600.8 Miles from Home

We were outside.  Really outside, a long way from home.  In a state park, carrying fishing poles, hiking through the rain and meeting wildlife sometimes too closely.   I was repeating “stop,” “slow down,” “hold my hand” and “be careful” like a broken Gregorian chant record, if the monks were chanting warnings of physical dangers rather than spiritual.  We were soaking wet, and I was emotionally on edge from trying to keep three kids under 6 from meeting a river-swept end and arguing with my husband who had forgotten to pack the rain gear. [I made the list, he executed on it…he swore I didn’t include those items on the list. I swore too and hoped the sound of the raging waters muted the swear words before they reached my kids’ ears.]  A thought clung to me as tightly as my soggy, not-at-all-suited-for-this-adventure Anthropologie top: I’m an ass…and not just because of my clothing choice for today.  This dirty, sodden, spider-filled day was probably the best day of my kids’ lives so far because it was wild.  It was a real-life, wild adventure and I, and my grown-up ill-packed baggage, needed to get out of the way.

I needed to stop letting my frustrations and fears interfere with their adventure.  I needed to shut up and let them explore.

But my half-Catholic, half-Jewish brain was stuck in a death spiral of worry and guilt, and concern over our lack of sufficient snacks.  Would they get sick from being so cold and wet? Would they slip/fall/drown/be bitten by a brown recluse or rattlesnake or black bear or West Nile-carrying mosquito or Lymey tick?  Would their confidence be shaken if they couldn’t make it to the top of those daunting rocks or catch a fish?   Would the ice cream truck in the parking lot at the end of today’s adventure have mint chip? [Okay, that one was more about me than them.]  Just name anything that could make their little, sweet faces crumple into tears, and I was worried about it.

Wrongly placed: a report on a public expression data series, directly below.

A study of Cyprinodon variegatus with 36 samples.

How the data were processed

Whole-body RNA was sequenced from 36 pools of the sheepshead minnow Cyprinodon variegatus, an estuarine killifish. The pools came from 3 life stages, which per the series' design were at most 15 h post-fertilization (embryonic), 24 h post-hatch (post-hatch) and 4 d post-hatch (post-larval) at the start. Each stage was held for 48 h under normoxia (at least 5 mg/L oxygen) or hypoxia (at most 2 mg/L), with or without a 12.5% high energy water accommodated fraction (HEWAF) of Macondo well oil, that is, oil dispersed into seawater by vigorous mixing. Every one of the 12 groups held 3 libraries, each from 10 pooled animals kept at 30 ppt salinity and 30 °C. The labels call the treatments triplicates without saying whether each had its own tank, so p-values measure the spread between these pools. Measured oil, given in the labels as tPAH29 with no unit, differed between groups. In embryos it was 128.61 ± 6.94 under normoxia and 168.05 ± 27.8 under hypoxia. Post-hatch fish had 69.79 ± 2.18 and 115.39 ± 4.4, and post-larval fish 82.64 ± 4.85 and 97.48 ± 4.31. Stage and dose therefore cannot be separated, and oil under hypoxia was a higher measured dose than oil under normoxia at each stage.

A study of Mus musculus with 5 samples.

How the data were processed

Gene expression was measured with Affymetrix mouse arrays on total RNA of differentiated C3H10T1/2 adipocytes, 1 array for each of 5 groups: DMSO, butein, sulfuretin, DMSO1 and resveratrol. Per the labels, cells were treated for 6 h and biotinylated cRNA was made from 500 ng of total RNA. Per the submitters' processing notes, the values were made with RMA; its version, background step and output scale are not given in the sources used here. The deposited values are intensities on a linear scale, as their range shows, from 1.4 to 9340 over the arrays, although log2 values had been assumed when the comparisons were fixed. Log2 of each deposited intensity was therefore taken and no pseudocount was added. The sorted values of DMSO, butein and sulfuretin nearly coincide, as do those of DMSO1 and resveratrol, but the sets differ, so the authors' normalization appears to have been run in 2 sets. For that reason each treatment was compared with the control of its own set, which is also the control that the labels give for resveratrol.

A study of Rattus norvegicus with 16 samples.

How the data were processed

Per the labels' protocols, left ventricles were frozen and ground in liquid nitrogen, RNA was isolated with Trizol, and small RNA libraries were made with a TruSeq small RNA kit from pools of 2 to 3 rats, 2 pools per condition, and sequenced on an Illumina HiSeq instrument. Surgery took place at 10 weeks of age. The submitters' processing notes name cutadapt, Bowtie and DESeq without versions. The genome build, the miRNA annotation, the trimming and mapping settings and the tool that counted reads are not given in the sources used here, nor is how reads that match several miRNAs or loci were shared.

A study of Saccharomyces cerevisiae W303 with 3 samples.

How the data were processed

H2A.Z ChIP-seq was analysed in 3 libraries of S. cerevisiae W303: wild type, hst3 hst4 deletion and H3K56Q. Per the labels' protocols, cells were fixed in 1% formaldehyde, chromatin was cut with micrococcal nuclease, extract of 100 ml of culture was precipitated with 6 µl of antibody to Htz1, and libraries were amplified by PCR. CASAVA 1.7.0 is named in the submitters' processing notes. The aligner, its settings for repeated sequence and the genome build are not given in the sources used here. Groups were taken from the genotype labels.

I knew that most of those worries were nonsense.  Sure, some were valid (especially the snake thing), but not a single one of them warranted my compulsion to pick them all up and run.  So I stopped.  I stood back…a bit. And I let them run wild.

I told myself what most of us already know.  Kids need to get dirty.  They need to be scared once in a while.  They need to fail.  And we need to let them.

So 600.8 miles from home, over the course of a week spent where Maryland, West Virginia and Pennsylvania meet, my kids got very dirty.  They were scared riding horses for the first time and frightened by the sounds and sheer size of the nature around us.  They failed to catch a fish…and didn’t care one bit.  They had a blast.

The long drive home was filled with talk of what they will do next year when we return to meet Grammy and Granddad at the house in the woods.  My 6 year old made a list.  They will go on long trail hikes, eat ice cream every day, ride really big horses and go fishing again, maybe this time from a boat.  And they will remind their parents to bring the rain gear.